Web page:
Attorney General Ken Cuccinelli II (R) on Tuesday asked a federal judge to reconsider his order prohibiting the State Board of Elections from printing Virginia’s presidential primary ballots.

U.S. District Judge John A. Gibney Jr. told Virginia officials Monday not to print or mailouts ballots for the March 6 Republican primary until the case filed by Texas Gov. Rick Perry is resolved.

Virginia Attorney General Ken Cuccinelli (BOB BROWN/AP)

State officials say they need to mail absentee ballots by Jan. 21 in order to get them out 45 days before the primary.

Perry and several other GOP candidates failed to qualify for the Virginia ballot, and the Texas govern has filed suit against the State Board of Elections and the state GOP to challenge the qualification rules.

Gibney also has granted a motion to intervene last week brought by former senator Rick Santorum (Pa.), former House speaker Newt Gingrich (Ga.) and former Utah governor Jon Huntsman to join the case. They, too, failed to qualify for the ballot.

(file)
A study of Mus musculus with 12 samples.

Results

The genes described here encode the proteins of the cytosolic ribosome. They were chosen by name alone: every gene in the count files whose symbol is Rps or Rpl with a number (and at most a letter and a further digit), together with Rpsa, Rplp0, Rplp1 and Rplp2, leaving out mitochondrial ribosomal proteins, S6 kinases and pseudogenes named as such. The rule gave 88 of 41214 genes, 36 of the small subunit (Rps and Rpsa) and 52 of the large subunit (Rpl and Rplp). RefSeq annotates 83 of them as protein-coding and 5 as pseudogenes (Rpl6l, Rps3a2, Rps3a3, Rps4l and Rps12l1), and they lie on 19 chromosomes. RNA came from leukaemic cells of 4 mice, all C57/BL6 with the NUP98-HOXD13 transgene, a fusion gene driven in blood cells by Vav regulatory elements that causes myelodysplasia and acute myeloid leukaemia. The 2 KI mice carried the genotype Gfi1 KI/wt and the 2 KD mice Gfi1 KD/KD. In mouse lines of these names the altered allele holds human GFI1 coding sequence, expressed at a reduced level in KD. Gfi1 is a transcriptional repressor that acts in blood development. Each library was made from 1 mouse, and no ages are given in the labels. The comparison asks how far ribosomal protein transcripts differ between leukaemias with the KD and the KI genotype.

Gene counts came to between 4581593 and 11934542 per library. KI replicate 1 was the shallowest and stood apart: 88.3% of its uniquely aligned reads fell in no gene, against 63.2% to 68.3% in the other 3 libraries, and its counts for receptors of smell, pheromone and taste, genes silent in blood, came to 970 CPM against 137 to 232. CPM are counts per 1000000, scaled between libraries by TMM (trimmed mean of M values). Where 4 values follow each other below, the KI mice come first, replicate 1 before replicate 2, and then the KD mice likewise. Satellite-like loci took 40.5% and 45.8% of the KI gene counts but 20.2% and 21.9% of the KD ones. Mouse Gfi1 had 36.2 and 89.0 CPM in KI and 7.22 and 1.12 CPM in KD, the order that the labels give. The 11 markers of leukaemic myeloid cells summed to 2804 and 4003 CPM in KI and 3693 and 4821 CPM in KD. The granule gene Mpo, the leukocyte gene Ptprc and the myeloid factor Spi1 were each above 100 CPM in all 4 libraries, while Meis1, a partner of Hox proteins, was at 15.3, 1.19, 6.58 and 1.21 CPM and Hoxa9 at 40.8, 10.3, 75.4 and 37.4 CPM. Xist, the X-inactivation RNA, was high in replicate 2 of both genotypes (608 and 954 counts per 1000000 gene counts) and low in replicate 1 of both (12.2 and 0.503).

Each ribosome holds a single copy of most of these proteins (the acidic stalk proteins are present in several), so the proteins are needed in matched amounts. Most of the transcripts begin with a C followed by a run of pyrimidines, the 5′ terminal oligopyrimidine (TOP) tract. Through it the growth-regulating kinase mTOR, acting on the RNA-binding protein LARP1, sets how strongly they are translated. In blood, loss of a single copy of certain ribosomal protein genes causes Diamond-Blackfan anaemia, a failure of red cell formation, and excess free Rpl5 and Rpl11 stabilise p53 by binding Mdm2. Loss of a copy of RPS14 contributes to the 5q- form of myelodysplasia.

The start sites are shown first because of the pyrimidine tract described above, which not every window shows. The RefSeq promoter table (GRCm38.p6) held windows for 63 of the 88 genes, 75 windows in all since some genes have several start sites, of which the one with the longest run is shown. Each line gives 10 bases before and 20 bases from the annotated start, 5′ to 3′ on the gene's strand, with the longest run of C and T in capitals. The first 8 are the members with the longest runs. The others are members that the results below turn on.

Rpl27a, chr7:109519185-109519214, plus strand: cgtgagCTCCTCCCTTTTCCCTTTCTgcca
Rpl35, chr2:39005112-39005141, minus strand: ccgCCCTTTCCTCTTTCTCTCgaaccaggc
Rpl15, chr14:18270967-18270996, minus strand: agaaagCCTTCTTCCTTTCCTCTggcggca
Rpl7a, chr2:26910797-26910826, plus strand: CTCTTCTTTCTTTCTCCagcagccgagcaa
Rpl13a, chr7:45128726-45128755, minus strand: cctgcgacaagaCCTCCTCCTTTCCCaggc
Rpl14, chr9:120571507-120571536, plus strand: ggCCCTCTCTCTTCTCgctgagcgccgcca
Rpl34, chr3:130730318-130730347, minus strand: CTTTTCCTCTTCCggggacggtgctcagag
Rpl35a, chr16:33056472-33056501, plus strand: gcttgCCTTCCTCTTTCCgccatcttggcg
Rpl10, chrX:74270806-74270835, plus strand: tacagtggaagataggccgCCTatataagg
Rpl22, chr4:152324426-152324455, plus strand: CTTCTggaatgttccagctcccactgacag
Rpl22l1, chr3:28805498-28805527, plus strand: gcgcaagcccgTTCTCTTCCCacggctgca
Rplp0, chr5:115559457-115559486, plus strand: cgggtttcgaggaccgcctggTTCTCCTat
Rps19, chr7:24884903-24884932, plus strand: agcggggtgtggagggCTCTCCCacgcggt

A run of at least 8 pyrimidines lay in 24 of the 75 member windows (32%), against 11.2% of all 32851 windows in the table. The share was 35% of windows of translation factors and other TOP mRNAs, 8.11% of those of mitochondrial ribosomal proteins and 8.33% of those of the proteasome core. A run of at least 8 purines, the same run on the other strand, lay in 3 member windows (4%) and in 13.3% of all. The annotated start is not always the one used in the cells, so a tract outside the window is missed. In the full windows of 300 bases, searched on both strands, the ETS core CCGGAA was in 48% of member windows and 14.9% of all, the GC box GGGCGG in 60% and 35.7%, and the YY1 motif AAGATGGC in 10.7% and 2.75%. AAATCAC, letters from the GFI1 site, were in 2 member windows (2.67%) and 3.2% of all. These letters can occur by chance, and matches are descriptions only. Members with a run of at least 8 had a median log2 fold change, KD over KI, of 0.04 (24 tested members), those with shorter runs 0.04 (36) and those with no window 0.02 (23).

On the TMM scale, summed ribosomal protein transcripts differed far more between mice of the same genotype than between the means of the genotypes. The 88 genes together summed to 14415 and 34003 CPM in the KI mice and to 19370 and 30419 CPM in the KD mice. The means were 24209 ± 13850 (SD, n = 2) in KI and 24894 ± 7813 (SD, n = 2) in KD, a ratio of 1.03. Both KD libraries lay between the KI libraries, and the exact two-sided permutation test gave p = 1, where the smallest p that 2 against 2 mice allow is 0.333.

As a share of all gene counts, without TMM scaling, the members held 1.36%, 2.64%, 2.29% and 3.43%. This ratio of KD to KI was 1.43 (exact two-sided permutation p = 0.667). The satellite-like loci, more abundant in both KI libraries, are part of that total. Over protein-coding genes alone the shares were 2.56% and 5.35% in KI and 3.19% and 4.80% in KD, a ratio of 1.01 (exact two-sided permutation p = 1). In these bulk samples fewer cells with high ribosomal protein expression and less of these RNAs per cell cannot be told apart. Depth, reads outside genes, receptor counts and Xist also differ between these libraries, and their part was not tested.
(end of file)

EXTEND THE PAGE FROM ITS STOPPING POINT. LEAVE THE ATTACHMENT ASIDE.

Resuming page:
Only former Massachusetts governor Mitt Romney and Rep. Ron Paul (Tex.) qualified by collecting the required 10,000 signatures.

Virginia’s ballot-access rules are considered the toughest in the nation. Candidates must collect 10,000 signatures, with at least 400 from each of the congressional districts.

A hearing on Cuccinelli’s request will be held Friday.

Also on Tuesday, the ACLU of Virginia filed a brief in court in support of the GOP candidates, arguing the state violated the candidates' rights when it prohibited them from using out-of-state petition circulators to gather the 10,000 signatures required for ballot access.